Social media marketing can be a global firm’s best friend — or worst enemy. By avoiding these 10 errors, large organizations will get the biggest benefit from their social media activities and avoid a costly downside.


10 Ways Big Firms Hurt Themselves Badly On Social Media

1. No Response
This is really the cardinal sin. A lack of response to questions and comments is a huge turnoff because it reinforces (or creates) the notion that a large organization is impersonal and uncaring. Lack of response can turn neutral or positive followers into brand antagonists who post negative reviews and social media comments that expend all the social media capital an organization has built.

2. Poor Response
A similar, but not quite as serious, issue is poor response to questions. What constitutes poor? Typically poor responses are vague, do not address the question, do not provide the correct answer, appear overly bureaucratic and/or overly defensive. Often, poor response issues are rooted in poor training, especially when day-to-day social media monitoring is delegated to entry-level personnel or outsourced.

3. Slow Response
Social media users tend to seek immediate gratification. If they ask a question or comment on an organization’s post, they may be quite disappointed if the response comes four hours later. Four days later: disaster. A slow response conveys aloofness and disorganization — two things no global company wants associated with its brand.

Large organizations serve large, multiple audiences on social media. To communicate effectively, these organizations usually need a variety of social media accounts — for example, accounts for customer service, sales promotions, employees and company/industry news. In addition, global companies may require accounts with different languages and/or that serve different countries. Without diversification, communication invariably becomes muddled, confusing users and eventually causing them to tune out all messages.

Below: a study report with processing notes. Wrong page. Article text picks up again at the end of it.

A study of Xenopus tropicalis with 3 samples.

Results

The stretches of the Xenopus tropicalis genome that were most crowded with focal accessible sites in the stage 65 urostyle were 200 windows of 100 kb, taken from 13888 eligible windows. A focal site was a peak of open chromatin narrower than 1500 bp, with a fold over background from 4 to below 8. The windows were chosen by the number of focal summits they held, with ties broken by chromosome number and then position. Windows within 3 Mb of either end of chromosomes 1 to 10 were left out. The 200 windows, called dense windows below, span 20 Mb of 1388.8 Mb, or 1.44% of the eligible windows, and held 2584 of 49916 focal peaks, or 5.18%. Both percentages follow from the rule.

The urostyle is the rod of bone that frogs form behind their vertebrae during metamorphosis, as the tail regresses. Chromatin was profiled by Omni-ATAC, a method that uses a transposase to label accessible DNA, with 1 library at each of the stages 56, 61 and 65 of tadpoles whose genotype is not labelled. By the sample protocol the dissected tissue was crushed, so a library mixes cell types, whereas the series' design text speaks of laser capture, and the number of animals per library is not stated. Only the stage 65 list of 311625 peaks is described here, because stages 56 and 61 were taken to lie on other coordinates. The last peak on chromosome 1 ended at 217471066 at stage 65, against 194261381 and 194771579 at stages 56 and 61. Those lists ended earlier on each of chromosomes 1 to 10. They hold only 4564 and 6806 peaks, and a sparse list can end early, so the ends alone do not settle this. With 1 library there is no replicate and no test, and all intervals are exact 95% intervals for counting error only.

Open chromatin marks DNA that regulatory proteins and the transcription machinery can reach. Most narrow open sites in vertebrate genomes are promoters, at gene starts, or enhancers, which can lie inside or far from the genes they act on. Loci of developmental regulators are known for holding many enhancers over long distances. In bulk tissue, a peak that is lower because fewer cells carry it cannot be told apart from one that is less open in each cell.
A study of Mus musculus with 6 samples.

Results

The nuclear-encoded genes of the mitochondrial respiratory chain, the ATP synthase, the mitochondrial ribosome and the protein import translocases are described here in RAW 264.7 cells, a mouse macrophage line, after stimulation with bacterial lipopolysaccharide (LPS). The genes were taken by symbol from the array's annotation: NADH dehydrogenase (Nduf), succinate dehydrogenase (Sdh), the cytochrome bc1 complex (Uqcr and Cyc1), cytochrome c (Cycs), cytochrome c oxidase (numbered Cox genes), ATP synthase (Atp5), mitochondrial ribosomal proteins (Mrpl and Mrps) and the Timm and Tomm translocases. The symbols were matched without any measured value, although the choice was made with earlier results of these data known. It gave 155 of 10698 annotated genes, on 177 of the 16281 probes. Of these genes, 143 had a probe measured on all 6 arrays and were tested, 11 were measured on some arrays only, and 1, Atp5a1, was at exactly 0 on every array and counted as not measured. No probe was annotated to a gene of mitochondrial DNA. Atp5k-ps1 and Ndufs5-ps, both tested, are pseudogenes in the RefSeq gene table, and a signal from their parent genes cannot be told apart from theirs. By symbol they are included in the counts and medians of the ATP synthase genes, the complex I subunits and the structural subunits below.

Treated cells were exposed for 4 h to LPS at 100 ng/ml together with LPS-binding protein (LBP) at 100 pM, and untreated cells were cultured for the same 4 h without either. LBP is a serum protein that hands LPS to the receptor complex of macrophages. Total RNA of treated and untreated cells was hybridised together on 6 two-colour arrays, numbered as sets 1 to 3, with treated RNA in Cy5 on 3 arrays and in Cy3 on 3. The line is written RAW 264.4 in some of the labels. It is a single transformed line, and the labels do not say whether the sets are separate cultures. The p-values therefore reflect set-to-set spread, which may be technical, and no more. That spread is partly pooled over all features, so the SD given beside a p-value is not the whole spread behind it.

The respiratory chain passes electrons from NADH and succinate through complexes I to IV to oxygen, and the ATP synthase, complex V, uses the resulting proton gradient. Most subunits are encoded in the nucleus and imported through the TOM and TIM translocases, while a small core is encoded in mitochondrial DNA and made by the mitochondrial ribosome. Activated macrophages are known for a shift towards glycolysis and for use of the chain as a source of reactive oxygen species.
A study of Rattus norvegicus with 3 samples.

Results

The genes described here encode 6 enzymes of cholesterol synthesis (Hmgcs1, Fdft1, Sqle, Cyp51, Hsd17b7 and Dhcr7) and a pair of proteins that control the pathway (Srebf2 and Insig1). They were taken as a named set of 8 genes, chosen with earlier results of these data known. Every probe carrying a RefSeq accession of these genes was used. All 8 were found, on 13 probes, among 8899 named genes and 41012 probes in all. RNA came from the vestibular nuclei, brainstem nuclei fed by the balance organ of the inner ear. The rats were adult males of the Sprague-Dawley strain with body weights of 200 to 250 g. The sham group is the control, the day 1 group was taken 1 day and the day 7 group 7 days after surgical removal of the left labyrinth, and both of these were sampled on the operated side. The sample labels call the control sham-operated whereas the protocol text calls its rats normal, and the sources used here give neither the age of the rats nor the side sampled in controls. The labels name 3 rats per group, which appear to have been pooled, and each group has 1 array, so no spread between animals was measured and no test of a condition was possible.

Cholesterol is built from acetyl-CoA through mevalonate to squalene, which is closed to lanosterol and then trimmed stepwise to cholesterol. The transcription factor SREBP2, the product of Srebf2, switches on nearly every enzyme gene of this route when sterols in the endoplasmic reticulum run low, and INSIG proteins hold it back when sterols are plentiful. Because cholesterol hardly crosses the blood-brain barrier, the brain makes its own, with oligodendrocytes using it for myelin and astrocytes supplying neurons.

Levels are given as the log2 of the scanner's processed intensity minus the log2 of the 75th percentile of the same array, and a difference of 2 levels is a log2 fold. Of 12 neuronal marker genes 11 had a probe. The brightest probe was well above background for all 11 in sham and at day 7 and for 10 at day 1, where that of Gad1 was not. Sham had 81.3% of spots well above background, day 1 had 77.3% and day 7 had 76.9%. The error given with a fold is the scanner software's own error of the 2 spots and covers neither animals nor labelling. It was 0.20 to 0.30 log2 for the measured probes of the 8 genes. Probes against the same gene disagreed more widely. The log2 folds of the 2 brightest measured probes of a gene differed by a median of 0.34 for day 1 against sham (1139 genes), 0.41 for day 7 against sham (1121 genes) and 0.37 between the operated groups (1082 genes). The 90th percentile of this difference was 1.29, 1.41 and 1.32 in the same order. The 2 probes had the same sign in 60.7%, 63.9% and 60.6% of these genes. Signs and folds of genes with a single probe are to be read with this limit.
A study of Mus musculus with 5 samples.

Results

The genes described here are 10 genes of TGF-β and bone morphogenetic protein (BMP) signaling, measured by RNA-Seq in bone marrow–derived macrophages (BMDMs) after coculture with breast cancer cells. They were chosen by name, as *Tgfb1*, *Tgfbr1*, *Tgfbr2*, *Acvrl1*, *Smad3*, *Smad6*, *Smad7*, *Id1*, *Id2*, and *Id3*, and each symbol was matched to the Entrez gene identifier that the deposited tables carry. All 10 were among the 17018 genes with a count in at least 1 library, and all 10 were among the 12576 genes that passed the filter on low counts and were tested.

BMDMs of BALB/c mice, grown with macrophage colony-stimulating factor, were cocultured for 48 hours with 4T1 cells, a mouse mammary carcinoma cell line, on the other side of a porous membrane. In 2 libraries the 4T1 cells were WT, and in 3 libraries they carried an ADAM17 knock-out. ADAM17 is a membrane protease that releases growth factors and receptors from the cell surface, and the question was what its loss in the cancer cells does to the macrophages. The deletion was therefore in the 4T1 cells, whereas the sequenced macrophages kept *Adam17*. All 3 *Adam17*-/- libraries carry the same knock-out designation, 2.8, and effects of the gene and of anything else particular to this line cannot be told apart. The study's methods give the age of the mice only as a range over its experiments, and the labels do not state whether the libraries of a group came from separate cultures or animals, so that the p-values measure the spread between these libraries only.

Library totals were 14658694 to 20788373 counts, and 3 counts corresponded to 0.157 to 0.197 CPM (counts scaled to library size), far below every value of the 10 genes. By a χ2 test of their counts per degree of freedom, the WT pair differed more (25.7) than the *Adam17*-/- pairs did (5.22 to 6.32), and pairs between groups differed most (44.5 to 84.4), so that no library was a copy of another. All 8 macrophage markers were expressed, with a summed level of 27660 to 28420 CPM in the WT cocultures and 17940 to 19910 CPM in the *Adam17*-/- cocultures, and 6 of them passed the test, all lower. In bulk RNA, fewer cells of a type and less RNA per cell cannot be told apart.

5. Failing to Convey the Diverse Social Media Presence
Having a diverse social presence is step one, but unless various audiences are aware of it, the effort will be useless. A useful technique is to describe and link to the various social media accounts on the company website; this can also be done in the “About” sections of the social media platforms.

6. Poor Brand Monitoring
Social media users talk about large companies all the time, with and without hashtags or links to the company website and/or social media account. Large companies must monitor brand mentions carefully, to respond quickly to negative comments, thank people for positive comments and start the ball rolling for users interested in becoming a customer or a supplier. Positive performance in this area impresses social media users, and will generate many positive reviews and mentions.

Related to the previous issue, people monitoring the brand must have a process for handing off social media questions and comments to sales, customer service, purchasing and other departments that may need to step in and continue the conversation (on social media or via email or phone). Many sales leads, buying opportunities and other business opportunities fall through the cracks because the social media communication never got into the hands of the right people within the organization — or reached them too late.

8. No Glimpses Behind the Walls
Social media users love it when companies — especially the big ones — let them take a peek behind the walls. When social media communication includes informal photos of employees at work or at play, companies humanize their brand and turn many neutral followers into serious brand advocates. In addition, showing the human side has an enormous payoff by attracting talented job applicants.

9. No Disaster Plan
With vocal social media users and energetic journalists/citizen journalists, negative news about a company can spread like wildfire and cause long-lasting or even permanent damage to the brand. It is crucial for large organizations to have a solid response plan ready to go when disaster strikes. With a good plan, negative news   sometimes can be turned into a positive.

Perhaps the worst danger of all is to put social media on autopilot. Social media functionality, marketing best practices, user preferences and technology change rapidly. In addition, competitors embark on new strategies continually, which require study and, in many cases, a strategic response. Large organizations must assess their social media activities and the entire social terrain regularly and in great depth.




About the Author

Brad Shorr is Director of Content Strategy at Straight North, an Internet marketing agency that provides SEO, PPC and web design services. With more than 25 years of sales and marketing experience, Brad has been featured in leading online publications including Entrepreneur, Moz and American Marketing Association.